Last week we talked to Christine Gatto, a JMU student studying Engineering, about her major, why she decided to study Engineering, and what projects she has worked on.
1. What made you choose James Madison University to study Engineering?
I chose JMU because I did not know the type of engineering I wanted to focus on. JMU's program gives you exposure to many disciplines within engineering.
2. What made you choose Engineering and, specifically, the kind of engineering you are studying?
I am particularly interested in problems with the environment, which my capstone project* is on. I will likely focus on renewable energy or mechanics when I graduate.
3. Can you describe the project that you are working on?
My capstone project is the Waste-management Education Research Consortium (WERC) environmental design competition. It is an annual contest held at New Mexico State University. There are several tasks within the competition that teams can choose to address. I am working on task 1 "Sulfate Removal from Mine Impacted Waters". Within the tasks there are also various tracks. I am working on track one which is industry need. The sponsor for this part of the competition is Freeport MacMoran, a large mining company. Our team has decided to do a one step process in order to remove sulfate. We will be using chemical precipitation with barium in order to remove sulfate. The system that we are designing is a clarifier.
4. Why do you think it is important to study this?
I think this is important because the problem associated with sulfate in mine impacted waters is called Acid Mine Drainage, which has various negative environmental impacts.
5. How can your project make this world a better place?
This project aims to reuse this mine impacted water for drinking purposes that are acceptable to Environmental Protection Agency (EPA) standards. This is important because according to the United Nations, water scarcity is already an existing problem that will only worsen with time.
6. What are your professional dreams and aspirations once you finish your program at JMU?
I want to better the future of our planet via improving understanding and usage of renewable energy.
7. What tools and resources has JMU offered you in order to make these aspirations come true?
I think the structure at JMU itself will make me an asset to my jobs in the future. I have a lot of background knowledge and understanding of numerous topics from circuits, to material sciences, to thermodynamics. Additionally the size of the program is rather small. My class is around 80 students, which has not only helped me get very close with my peers but with the faculty as well. As a result of this I have been offered two research experiences with two of my professors. One topic is multi scale mechanics, where I work on understanding a cell's ability to move through the ECM via fiber alignment. The second topic is material sciences, where I work on understanding the effect of cold work on a given low carbon steel. I am looking at the effect on the steels mechanical properties (strength & hardness) and its microstructure (grain elongation).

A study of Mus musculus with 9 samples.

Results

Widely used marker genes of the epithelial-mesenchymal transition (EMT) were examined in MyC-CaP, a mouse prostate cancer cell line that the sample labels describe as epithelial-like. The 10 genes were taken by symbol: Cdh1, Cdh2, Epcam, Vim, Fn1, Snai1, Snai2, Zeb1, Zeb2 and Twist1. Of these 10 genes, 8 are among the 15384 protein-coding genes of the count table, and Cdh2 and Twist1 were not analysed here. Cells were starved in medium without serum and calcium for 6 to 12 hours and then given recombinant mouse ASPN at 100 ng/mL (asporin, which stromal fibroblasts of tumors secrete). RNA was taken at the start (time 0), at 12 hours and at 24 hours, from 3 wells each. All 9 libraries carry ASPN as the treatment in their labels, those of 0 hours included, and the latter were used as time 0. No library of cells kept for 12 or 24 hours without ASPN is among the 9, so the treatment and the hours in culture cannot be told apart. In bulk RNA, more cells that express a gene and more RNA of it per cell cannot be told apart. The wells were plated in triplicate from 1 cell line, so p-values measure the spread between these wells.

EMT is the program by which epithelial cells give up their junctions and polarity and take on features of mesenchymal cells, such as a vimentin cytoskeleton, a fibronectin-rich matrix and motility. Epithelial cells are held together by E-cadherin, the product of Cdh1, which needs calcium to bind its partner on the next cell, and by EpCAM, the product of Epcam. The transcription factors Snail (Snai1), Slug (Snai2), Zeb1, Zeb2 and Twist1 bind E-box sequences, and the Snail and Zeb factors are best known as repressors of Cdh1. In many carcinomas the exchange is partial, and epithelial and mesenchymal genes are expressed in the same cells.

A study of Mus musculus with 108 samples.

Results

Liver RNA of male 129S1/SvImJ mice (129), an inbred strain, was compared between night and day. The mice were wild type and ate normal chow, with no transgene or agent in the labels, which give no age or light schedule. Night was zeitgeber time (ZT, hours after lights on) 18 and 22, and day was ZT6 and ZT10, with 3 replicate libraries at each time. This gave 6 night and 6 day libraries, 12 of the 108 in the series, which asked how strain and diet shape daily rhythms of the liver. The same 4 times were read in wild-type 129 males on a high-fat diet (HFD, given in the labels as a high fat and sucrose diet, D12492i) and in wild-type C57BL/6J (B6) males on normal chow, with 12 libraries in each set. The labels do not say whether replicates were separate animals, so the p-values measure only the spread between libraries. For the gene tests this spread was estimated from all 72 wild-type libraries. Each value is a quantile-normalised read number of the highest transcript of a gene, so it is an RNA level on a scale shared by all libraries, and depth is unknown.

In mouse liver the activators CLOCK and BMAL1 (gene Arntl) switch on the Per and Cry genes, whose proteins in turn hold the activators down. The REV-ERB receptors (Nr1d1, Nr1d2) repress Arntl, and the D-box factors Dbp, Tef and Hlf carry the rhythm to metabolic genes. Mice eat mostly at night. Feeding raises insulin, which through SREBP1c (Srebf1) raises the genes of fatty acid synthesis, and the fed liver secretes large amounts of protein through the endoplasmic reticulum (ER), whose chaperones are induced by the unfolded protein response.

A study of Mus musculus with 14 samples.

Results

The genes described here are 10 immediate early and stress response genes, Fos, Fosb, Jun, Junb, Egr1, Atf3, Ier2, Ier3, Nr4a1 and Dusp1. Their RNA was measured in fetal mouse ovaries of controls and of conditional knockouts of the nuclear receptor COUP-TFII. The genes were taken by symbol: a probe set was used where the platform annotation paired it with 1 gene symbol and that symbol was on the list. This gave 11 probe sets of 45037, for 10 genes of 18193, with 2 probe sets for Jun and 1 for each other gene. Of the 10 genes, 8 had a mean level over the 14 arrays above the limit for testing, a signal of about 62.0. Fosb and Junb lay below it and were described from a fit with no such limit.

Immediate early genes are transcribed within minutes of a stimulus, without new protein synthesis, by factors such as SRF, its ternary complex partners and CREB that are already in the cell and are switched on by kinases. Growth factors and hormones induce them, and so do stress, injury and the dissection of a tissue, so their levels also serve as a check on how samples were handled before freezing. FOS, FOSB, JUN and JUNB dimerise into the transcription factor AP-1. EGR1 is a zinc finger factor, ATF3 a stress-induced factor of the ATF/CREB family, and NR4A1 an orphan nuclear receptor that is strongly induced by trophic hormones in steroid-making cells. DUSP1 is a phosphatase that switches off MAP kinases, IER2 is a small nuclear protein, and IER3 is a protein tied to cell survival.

8. What professor has had the biggest impact on your growth at JMU and why?
The professor that has had the biggest impact on my growth at JMU is Dr. Callie Miller. She is the professor I do the multi scale research for. Dr. Miller has had the biggest impact on me because she not only cares about my success at JMU but my success after as well. She has provided me with great advice over the last year that has helped me think about what I want to do after JMU. She has also proposed ways to help me get there. She has offered to reach out to some of her contacts at other universities for summer research opportunities for my entire research group.
9. What has been your favorite class at JMU so far and why?
My favorite class at JMU so far has been Engineering Design 2. We designed a bike for Elena Handy, a 11 year old girl with cerebral palsy. I liked this class because we got to interact with the client (Elena’s mom) and the user (Elena) in order to come up with our own specifications and design requirements. At the end of the semester Elena was presented with all the bikes and got to try them all out. Then over the summer a few students worked to create the perfected version of the bikes she liked the best, which the engineering department gave to her in September.
10. Have you interacted with international students at JMU? Why do you think it is helpful to study with students from other countries and backgrounds?
I have learned that different backgrounds and perspectives are very beneficial to coming up with ideas and different ways of looking at problems. Additionally, it prevents group think, which is a serious problem when designing. Group think is basically when everyone agrees with each other and there is no constructive conflict. Diversity of background also contributes to diversity of thought.
*Note: The capstone project is the culminating experience of your academic career. The capstone project represents an opportunity to conduct research or engage in a creative endeavor in which you work independently, with faculty guidance, to synthesize and share a final product or handiwork related to a topic and skill sets of your own choosing.